Influential Art Deco Jewellers
The Decorative Art Movement, otherwise known as Art Deco, was a response to Art Nouveau, its subtle predecessor which tended towards curves, flowing lines and symbols inspired by nature. Contrary to Art Nouveau, Art Deco manifested itself as bold, geometric and colourful, a movement that inspired and was inspired by a number of designers that made a name for themselves during the 1920s.
Art Deco jewellery was a physical manifestation of its time; freedom-seeking and unafraid, during which American women gained the right to vote and fewer constraints on women in general meant style was changing. Designers expressed themselves using new and different types of fashions, including what had traditionally been considered masculine styles. Designs of the time were unified by clean-cut, circular and linear ethos. The 1920s saw black and white designs. The 1930s were influenced by Asian, African, and Middle Eastern styles that brought stylised florals, and bright colours in the form of rubies, sapphires, onyx, jade, lapis and frosted quartz to the toolbox of the Art Deco movement.
Influential Art Deco Designers
Raymond Templier was born into a family of jewellers. His grandfather, Charles, founded the firm Templier in Paris, 1849, and he followed in the footsteps of his grandfather and father, Paul Templier’s designs were bold, modern and heavily influenced by cubism, an avant-garde art movement that revolutionised European painting and sculpture. Templier wanted to translate cubist ideas into jewellery. As a designer, he was fascinated by the juxtaposition of opposing arcs and semi-circles, and various inverted triangles. He didn’t use precious metals and stones for the sake of it. His concern was with their effects, so he used gold, silver, enamel and lacquer interchangeably. He also used diamonds for their sparkle and lack of colour, to bring light to a piece of jewellery.
While it was Louis-Francois Cartier who founded Cartier in Paris in 1847, it was his grandson Louis Cartier who was responsible for some of the company’s most memorable Art Deco designs. The decorative art movement developed alongside the emerging industrial economy in France and became part of a rapidly changing culture that nodded to the advancements and processes of technology. For Louis Cartier, Art Deco aesthetics represented both machinery and modernism and many Cartier designs showcased linear, modern and paired down symmetrical forms. This Sapphire tank ring has long been one of Cartier’s most recognisable signature pieces – a heavy-weight ultra-modern band with sleek lines.
Van Cleef & Arpels
Daughter of Alfred Van Cleef, Renee Puissant, took control of the company’s artistic direction in 1926 and together with Rene Sim Lacaza took the company and its designs in a whole new direction, positioning Van Cleef & Arpels at the forefront of jewellery design. Van Cleef and Arpels were known for specialising in platinum wrist and pocket watches set with diamond and crystal, while Puissant used unconventional materials like mother of pearl, snakewood and lacquer.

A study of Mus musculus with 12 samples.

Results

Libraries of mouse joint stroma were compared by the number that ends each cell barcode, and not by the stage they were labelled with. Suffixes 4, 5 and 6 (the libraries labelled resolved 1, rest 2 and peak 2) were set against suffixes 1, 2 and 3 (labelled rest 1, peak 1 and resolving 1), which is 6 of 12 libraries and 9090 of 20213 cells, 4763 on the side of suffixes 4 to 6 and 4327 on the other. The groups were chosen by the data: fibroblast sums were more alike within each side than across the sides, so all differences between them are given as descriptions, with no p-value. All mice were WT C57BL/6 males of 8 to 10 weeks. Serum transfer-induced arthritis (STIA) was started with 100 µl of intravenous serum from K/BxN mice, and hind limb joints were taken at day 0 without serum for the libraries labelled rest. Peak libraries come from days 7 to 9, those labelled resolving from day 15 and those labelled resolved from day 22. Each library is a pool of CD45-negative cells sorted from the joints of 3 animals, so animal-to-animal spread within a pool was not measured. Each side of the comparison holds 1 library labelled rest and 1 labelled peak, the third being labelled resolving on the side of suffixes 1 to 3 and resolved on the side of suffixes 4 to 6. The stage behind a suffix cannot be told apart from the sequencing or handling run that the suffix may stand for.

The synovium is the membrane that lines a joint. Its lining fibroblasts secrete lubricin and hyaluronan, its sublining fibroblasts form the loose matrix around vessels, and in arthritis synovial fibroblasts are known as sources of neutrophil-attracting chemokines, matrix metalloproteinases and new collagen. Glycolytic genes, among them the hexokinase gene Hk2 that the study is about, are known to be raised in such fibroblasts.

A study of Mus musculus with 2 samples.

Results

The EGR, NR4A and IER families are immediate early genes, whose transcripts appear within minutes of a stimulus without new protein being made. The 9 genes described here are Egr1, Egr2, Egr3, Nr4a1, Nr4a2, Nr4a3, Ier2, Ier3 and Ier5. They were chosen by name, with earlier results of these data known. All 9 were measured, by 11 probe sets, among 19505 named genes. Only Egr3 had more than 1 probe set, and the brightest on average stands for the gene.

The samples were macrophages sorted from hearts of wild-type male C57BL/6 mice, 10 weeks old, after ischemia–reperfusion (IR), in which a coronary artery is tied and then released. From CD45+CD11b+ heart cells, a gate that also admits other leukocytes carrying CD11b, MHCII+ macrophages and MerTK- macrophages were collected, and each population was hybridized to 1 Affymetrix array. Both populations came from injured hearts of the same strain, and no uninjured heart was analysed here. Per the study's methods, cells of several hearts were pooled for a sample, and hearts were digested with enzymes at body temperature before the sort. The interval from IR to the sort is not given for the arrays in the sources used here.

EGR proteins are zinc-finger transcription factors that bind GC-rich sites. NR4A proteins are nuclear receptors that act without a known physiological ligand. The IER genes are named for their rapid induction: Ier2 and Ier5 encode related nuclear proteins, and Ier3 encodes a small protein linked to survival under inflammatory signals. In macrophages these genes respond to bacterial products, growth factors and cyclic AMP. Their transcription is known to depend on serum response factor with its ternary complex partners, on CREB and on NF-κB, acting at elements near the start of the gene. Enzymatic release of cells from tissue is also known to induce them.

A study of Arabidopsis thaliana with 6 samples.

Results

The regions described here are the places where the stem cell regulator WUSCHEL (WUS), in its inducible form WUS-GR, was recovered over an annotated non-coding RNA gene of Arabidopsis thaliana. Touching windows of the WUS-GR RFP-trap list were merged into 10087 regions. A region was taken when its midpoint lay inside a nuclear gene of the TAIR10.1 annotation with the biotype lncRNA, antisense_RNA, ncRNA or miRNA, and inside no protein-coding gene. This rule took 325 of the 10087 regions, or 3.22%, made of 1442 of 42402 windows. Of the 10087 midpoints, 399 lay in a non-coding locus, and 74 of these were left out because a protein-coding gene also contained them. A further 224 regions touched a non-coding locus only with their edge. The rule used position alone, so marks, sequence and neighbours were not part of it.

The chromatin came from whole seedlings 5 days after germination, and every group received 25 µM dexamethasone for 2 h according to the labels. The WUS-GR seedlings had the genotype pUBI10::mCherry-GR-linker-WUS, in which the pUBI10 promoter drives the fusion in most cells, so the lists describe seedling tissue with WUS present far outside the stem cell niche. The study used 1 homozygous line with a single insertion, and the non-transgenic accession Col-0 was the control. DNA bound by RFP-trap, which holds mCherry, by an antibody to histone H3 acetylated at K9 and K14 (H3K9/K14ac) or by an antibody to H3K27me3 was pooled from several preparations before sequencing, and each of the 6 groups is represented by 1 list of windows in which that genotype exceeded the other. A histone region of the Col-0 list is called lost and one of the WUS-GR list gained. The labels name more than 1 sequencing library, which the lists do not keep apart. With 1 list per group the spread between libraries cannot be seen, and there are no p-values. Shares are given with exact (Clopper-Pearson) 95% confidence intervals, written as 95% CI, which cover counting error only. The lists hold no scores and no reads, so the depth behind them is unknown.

One of the most enduring techniques developed by Van Cleef and Arpels is the Mystery Setting, which consists of hundreds of small gems which seems to float on top of the structure with no visible mounting. This was done by using a fine gold mesh which hugged the contours of the stones resulting in a seamless surface of gems.
Jean Fouquet was influenced heavily by his father, George Fouquet, who was instrumental in shaping the Art Deco jewellery aesthetic. George Fouquet considered Jean’s designs to be more like works of art and that the combinations in which he was using semiprecious stones such as aquamarine, amethyst, topaz, and tourmaline would prolong their value and worth. At the time, semi-precious gems were readily available and not as valuable as they are today.
For writer Marion Fasel statement jewels have consistently gone hand in hand with women’s movements. She considers Jean Fouquet’s bold designs as representative of a time in which women were enjoying newfound political freedoms.
Jeanne Bovin and husband Rene Boivin established a reputation for creative designs that captured the essence of beauty in motion. Together they created designs marked by signature elements such as elegant lines, twists and trembling components. They rejected Art Nouveau styles and instead created chunky pieces inspired by Egyptian, Syrian and Persian designs. In retrospect, these were ahead of their time and at the time, rejected as ‘barbaric’.
Many of the pieces which never sold were dismantled to use as elements in other designs. Jeanne Bovin took over production at the House of Rene Bovin after the passing of her husband in 1917 – she kept the name of the House, which served as a kind of protection, allowing her to occupy a privileged position in the jewellery trade. Boivin and the designers she employed favoured abstract designs using closely set gems and helped pioneer the use of rock crystal, wood and chalcedony in jewellery.
Suzanne Belperron took inspiration from wherever she pleased. Congolese tribal jewellery, brutalist architecture and Japanese sakura (cherry blossom) were all translated into provocative designs. Together with Bernard Herz, the Parisian stone dealer, they created some of the most avant-garde jewellery of the 20th century.
Herz, who was detained by Nazis in German-occupied Paris, died in Auschwitz. Before his arrest, he signed over his company to Belperron for safekeeping. After the war she transferred the company back to Herz’ son and as a token of his gratitude made Belperron a partner. Belperron never signed
her jewellery and after her retirement disappeared into obscurity.